The ACT Labor party has set the wheels into motion to provide free public transport for ACT school and university students but said its priority still remains in making the current network more accessible.
During ACT Labor’s annual party conference on Saturday (21 July), party members voted in favour of the motion to make public transport free for all students carrying a MyWay card in the nation’s capital.
Though the party has thrown its support behind the idea, an ACT Government spokesperson said new Transport Minister Chris Steel’s preference is to expand services rather than offer free services.
“We welcome debate and motions put forward at the party conference and while free public transport for students is now part of the ACT Labor party platform, it is not currently government policy,” the spokesperson said.
“We will consider it in the development of future government policies, however in the first instance it is the Government’s preference to expand services making our transport network more accessible for all Canberrans, rather than offering free services.”
Canberrans took more than 1,629,000 journeys during the first three weeks of free public transport offered by the ACT Government after launching the new network.
During the month of free travel, the light rail network recorded an average of 106,279 boardings per week and a daily average of 17,297 on working days, causing Transport Canberra to add more vehicles running on the network.
ACT Council of Parents and Citizens Associations spokesperson Janelle Kennard said parents have told the council that their concern with the current public transport network is safety and accessibility, not affordability.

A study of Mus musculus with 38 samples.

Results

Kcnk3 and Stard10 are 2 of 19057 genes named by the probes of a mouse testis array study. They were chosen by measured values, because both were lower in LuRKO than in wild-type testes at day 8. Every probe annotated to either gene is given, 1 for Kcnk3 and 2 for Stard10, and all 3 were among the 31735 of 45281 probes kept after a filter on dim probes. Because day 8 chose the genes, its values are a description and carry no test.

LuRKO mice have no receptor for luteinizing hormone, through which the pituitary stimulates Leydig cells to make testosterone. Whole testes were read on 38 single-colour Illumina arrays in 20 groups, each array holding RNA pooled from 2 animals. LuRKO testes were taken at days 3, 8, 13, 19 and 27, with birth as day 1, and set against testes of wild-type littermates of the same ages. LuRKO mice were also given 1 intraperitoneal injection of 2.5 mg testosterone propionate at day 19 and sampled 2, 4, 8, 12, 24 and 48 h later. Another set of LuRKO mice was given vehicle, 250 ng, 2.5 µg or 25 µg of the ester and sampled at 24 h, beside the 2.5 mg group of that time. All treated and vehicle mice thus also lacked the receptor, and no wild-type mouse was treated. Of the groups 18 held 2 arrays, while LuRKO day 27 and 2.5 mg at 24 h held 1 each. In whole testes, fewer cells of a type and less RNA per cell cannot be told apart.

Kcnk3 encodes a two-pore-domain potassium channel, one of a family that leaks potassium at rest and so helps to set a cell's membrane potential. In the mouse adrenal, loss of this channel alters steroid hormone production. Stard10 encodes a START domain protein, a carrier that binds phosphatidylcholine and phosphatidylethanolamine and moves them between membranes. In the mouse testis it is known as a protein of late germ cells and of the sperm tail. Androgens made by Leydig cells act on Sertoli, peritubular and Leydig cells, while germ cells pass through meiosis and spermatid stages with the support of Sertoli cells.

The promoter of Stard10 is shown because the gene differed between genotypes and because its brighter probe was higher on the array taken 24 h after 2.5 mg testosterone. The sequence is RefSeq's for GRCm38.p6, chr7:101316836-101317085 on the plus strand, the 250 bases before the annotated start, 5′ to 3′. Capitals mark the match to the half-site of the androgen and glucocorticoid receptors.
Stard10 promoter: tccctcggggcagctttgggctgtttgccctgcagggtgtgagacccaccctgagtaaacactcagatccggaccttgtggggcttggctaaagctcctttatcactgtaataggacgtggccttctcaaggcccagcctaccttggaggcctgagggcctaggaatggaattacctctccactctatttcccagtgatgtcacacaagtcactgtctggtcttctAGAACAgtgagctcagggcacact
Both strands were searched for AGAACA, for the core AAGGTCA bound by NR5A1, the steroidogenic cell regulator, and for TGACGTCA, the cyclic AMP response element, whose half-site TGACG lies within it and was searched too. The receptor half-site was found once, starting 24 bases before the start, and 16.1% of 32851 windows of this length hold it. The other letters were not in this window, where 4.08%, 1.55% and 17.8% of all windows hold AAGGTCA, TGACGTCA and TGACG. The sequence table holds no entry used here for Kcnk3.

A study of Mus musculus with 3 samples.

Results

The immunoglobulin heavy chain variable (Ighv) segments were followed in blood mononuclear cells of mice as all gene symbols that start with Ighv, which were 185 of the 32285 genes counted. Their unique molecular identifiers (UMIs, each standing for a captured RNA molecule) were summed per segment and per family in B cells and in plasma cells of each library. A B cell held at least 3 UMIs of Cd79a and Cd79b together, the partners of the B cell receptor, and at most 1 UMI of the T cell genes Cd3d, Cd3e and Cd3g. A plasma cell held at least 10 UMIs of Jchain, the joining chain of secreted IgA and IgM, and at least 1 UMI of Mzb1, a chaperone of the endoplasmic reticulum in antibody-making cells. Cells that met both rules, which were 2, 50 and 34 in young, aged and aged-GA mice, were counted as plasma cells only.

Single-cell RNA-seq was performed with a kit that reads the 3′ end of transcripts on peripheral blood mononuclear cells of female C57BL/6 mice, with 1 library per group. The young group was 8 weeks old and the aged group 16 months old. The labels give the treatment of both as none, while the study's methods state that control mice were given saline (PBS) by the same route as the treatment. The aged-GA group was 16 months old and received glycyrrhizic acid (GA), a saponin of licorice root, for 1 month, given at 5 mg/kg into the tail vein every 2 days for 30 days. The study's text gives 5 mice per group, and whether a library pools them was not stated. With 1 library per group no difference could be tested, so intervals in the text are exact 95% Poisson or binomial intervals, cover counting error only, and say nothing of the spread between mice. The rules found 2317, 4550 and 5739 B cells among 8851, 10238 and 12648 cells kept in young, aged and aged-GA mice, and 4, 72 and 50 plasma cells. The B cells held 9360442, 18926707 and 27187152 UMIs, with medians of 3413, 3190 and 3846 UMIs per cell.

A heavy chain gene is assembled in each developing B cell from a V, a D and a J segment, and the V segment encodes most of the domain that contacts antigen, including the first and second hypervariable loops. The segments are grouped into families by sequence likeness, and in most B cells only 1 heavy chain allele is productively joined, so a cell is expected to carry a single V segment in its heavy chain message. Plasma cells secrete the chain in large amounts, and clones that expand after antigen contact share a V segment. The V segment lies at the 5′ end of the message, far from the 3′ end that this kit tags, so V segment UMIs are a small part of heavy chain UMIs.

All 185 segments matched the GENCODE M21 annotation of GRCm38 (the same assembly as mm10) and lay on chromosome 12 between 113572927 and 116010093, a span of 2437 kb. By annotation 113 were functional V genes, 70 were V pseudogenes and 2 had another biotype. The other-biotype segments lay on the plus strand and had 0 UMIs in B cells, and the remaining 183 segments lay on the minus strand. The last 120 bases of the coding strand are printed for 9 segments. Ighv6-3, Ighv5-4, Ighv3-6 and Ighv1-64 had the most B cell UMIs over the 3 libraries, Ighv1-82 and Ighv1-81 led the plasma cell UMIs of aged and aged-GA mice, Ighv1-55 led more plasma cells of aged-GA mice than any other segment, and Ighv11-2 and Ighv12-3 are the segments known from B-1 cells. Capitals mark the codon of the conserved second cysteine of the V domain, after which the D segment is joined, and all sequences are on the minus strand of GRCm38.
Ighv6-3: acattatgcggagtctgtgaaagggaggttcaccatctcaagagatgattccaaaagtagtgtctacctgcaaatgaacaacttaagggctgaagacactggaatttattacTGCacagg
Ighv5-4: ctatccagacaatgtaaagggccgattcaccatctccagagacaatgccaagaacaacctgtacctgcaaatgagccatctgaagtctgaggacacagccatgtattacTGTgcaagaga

“We would like to see the current network improved first before we start talking about free transport for students,” Ms Kennard said. “It is more important that kids can get to where they need to go in a timely and safe manner than for public transport to be free.
“I think it is a great thing to aspire to but we are still concerned about the safety and difficulties of families being poorly connected to their school that need to be fixed first.
“If there is extra money to be looking at free rides, we rather that they look at more frequent services to reduce overcrowding and to reduce wait times. Some students are waiting up to 35 minutes after the bell to leave school.
“We would like services to be taken directly to the school rather than stopping at a distance from the school. These are the things that we would like to see invested in rather than a bit of a giveaway.”
Liberal spokesperson Candice Burch agreed.
“It’s all well and good to provide students free travel, but what good is free public transport when there are no buses to catch?” she said. “Labor and the Greens have cut hundreds of dedicated school buses, buses to universities and weekend services.
“First things first – let’s give them a bus to catch.”